Stephen Curry can thank the 2008 NCAA tournament for his rise to stardom. He was a relative unknown, and his performance in the big dance thrust him into the spotlight. Who will be the Stephen Curry of 2012?
Some of these names you might have heard of. Doug McDermott, for example, was a sleeper contender for National Player of the Year. These players may not win a game in the 2012 NCAA tournament, but they will turn heads.
Upsets never hurt Curry, either. His 30-plus points per game in the 2008 tournament led Davidson past Gonzaga, Georgetown and Wisconsin.
Here are the 10 small school studs that will light up the NCAA tournament.
Will Barton averages 18.3 points per game for the Memphis Tigers on 51.7 shooting from the field.
Although Memphis hasn't lived up to expectations this year, Barton has. He has increased his point production by six points per game, and his shooting percentage has shot up from 42.8 percent.
Memphis should make the field of 68, and Barton could lead them to a few surprise victories.
If the Tigers finally win a game against a good opponent, it will be because of Barton's hot hand.
Isaiah Canaan averages 19.4 points per game on 48.4 percent shooting from beyond the arc.
Against Austin Peay earlier this year, Canaan dropped 25 points in the first half on 7-of-7 shooting from three.
If that isn't "lighting it up," then I don't know what is. Canaan has led Murray State to a 28-1 record. The Racers will be dancing and have the chance to go deep into the tournament behind Canaan's scoring and leadership.
Mike Glover and Scott Machado are one of the better duos in the nation. Machado averages over 10 assists per game, and Glover is the beneficiary.
Glover leads the highest scoring offense in the nation (83.4 points per game), contributing over 18 points per contest.
Iona is loaded with scorers. Lamont Jones dropped 43 earlier this year, and Glover has scored double digits in all but one game this year. Either of these players could step up in the NCAA tournament, which makes Iona a tough out for any team.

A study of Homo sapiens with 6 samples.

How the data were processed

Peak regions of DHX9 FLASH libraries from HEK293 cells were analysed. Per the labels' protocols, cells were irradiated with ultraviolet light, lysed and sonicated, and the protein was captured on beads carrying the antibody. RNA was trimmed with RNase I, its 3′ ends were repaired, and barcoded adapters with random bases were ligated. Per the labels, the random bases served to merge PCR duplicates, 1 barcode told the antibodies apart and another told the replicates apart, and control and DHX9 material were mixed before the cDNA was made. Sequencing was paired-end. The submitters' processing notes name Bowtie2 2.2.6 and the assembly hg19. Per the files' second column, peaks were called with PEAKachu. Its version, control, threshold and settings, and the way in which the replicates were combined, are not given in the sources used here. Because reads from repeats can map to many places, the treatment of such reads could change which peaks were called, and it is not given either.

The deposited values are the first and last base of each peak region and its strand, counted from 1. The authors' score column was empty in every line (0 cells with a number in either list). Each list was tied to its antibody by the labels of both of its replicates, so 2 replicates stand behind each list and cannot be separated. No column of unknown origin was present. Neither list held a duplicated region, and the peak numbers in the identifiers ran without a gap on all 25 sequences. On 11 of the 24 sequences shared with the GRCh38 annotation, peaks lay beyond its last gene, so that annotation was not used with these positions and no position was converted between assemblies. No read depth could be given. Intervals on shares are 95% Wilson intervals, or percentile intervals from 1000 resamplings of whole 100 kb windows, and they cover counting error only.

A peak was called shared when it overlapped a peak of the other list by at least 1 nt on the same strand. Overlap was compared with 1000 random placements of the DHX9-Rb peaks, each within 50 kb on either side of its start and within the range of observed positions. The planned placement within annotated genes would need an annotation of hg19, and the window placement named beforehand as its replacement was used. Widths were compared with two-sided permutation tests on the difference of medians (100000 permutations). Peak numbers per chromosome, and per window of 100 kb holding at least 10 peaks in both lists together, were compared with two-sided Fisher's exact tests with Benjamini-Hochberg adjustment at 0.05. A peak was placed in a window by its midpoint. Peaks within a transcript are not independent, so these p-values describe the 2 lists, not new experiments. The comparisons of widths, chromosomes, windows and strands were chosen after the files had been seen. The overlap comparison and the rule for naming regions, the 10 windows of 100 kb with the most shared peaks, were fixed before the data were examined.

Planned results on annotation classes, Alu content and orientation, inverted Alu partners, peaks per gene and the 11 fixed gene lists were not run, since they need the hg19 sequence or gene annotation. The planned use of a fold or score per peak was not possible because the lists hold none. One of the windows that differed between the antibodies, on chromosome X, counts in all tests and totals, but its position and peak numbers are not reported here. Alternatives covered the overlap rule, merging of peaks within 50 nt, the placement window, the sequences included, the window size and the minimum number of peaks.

Jimmer Fredette is one year removed from BYU's program, but the Cougars remain a tournament team.
And while Noah Hartsock is no Jimmer, he definitely could keep BYU playing in March. Hartsock averages 16.8 points per game on 56.6 percent shooting.
You'd be surprised to see him drop 30 points in a game, but BYU won't be winning without his 16-plus points a night.
Kerron Johnson leads a Belmont team that has quietly put together another great year under Rick Byrd. The Bruins rack up 81.9 points per game, good for third in the nation.
Johnson contributes 14.1 points per game on an efficient 53.1 percent from the field.
Expect Johnson and Belmont to be in one of the more high-scoring games this March.
Doug McDermott was pegged at the start of the year as one of the best mid-major players in the country.
He hasn't disappointed, averaging 23.1 points per night (third in the nation) on an incredible 60.7 percent shooting. Those aren't all two-point shots, either. He averages 3.1 three-pointers per game, making 47.9 percent of them.
And on the biggest stage, he won't shy away from the limelight.
McDermott hasn't scored under 12 points this year. He fills the stat sheet every night, and the NCAA tournament will be no different.
Oral Roberts will most likely need to win their conference to make the Big Dance, but if they do, watch out for Dominique Morrison.
The senior averages 20.3 points per game and creates matchup problems for almost any team with his range (45.1 percent from deep) and size (6'6", 210 pounds).
As a 12- or 13-seed, Oral Roberts could upset the four- or five-seed that they are matched up against. If they do, look for Morrison to be at the helm.
Northwestern may not make the NCAA tournament. But John Shurna will not be the reason why.
Shurna averages 20.1 points per game, and his unorthodox play style makes him difficult to guard for any team. The senior has averaged over 15 points per game since his sophomore year.
Shurna's athleticism won't surprise you, but his point total at the end of the game might. He is integral to the success of Northwestern and their tournament hopes.
He's 5'10". He shoots a mediocre 41.3 percent from the field.
But Casper Ware can light up the scoreboard as well as anyone on this list, and he steps up on the big stage. Against North Carolina, Ware led all scorers with 29 points. In Long Beach State's upset over Pittsburgh earlier in the year, Ware once again led all scorers with 28 points.
Long Beach State is not a team you would want to see in the first round. Ware will lead the 49ers' charge in the NCAA tournament with his scoring ability.
In Temple's 78-73 win over Duke on Jan. 4, Khalif Wyatt scored 22 points on 8-of-12 shooting from the field. On the year, Wyatt averages 17.4 points per game.
Wyatt can shoot lights-out from anywhere on the floor. Temple is a shoe-in for the NCAA tournament but will need to shoot well to advance. Shooting well is Wyatt's forte, and if he gets hot, Temple will be tough to beat.